SANTA FE – Electric scooter rental companies may eventually make their way to Santa Fe, but not without first getting the city’s endorsement.

The City Council on Wednesday approved two accompanying pieces of legislation relating to electric scooters.

One adds the term “electric scooter” to the city’s traffic code and prohibits the use of rented electric scooters on public streets, sidewalks, parks and other public spaces unless the City Council adopts a pilot program that allows them. They council passed that proposal unanimously.

The other is a resolution that directs the city manager to evaluate whether shared electric scooters are suitable for Santa Fe and to make a recommendation as to whether it was “appropriate” for the City Council to consider developing a pilot program. The resolution was approved 7-2, with councilors Mike Harris and JoAnne Vigil Coppler voting against it.

Councilor Carol Romero-Wirth, who is sponsoring both proposals along with Councilor Signe Lindell, said it may turn out that it is determined that rental electric scooters should only be allowed in some parts of town. She said that GPS systems may help control where scooters go, “but we also need rules if we allow it.”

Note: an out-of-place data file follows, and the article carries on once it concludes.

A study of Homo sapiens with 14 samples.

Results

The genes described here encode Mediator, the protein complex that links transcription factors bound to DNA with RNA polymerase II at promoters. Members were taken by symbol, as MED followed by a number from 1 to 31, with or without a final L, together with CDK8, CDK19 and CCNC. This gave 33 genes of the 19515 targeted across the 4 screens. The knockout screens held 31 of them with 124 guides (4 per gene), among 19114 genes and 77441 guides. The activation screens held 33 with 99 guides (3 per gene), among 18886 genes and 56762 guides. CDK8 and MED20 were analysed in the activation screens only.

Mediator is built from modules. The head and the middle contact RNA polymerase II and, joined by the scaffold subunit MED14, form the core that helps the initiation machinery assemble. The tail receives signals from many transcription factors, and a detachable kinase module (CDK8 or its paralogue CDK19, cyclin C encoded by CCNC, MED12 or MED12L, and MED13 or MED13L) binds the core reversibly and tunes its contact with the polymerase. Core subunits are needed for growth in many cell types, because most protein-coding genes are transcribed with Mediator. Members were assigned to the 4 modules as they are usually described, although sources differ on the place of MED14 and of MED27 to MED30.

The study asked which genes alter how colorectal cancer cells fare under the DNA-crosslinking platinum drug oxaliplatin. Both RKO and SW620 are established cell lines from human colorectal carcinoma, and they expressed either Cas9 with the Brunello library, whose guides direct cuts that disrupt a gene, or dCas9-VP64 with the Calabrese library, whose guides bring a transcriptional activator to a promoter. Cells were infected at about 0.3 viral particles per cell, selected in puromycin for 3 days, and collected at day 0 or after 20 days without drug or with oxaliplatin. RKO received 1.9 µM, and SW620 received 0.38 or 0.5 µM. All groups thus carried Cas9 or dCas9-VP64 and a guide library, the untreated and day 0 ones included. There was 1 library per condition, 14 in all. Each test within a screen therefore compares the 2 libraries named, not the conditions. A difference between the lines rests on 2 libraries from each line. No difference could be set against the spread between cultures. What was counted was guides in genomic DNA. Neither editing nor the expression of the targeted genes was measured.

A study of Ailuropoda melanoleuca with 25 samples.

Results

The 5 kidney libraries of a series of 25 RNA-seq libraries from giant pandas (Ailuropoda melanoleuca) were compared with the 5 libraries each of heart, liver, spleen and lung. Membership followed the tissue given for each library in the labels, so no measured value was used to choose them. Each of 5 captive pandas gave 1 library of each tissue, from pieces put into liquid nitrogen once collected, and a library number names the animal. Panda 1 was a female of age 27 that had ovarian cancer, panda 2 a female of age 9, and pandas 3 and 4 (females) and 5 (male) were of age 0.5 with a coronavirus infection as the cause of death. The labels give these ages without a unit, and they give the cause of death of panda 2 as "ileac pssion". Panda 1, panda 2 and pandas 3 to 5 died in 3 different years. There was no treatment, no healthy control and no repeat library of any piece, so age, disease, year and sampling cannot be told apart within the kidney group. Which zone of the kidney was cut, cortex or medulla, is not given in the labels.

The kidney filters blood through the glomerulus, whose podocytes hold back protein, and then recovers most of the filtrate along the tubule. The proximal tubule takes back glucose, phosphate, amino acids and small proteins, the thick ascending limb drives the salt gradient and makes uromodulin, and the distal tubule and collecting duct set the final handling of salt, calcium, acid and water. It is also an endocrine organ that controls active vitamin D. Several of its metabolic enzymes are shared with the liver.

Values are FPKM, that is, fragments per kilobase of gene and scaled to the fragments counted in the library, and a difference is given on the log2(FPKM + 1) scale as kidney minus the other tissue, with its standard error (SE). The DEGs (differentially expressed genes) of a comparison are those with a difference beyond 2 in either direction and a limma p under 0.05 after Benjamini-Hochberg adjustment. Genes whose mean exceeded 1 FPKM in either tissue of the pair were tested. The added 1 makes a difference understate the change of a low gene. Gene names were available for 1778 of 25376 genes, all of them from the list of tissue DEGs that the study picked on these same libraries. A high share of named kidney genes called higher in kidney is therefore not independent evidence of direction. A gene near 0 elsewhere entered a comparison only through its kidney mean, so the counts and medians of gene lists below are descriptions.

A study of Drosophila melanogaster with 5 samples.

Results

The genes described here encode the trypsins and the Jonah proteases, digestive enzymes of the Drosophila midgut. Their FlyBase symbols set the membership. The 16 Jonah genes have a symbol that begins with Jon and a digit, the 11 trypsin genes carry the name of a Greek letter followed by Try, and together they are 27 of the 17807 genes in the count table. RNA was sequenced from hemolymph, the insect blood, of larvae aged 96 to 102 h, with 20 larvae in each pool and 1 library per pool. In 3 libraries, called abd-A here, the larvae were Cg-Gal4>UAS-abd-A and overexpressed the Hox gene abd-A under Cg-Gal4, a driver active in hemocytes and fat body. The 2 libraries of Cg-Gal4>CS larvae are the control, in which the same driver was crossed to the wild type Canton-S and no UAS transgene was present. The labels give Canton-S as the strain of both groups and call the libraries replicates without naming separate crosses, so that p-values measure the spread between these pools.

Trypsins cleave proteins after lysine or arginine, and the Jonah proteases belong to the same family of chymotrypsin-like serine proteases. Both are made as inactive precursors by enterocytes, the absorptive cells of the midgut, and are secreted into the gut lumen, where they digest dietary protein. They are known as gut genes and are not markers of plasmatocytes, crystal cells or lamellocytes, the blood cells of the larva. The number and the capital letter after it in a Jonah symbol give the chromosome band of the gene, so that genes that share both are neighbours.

Currently, there are no electric scooter rental operations in Santa Fe, although city officials have said that companies have inquired about doing business in town.

The proposed ordinance change prohibiting rental electric scooters in public rights-of-way would not apply to scooters owned by individuals.

The concept of shared electric scooters has been gaining traction in cities in the United States and around the world. Some cities consider them a nuisance or dangerous and have banned them. Others have accepted them and adopted rules governing where they can travel and where they can be left for the next rider to pick up.

Typically, an app is used by scooter renters to find the scooters, pay a fee and leave notice where they were left.

Wednesday’s meeting included a public hearing, but just one person spoke on the issue.

“These scooters can really be a menace,” said Linda Bunton, adding that she saw what a problem they could be on a recent trip to Singapore.

While councilors Harris and Vigil Coppler expressed unfavorable feelings toward electric scooters, City Councilor Roman Abeyta of south side District 3, said he could see how some of his constituents would consider electric scooters as a mode of transportation.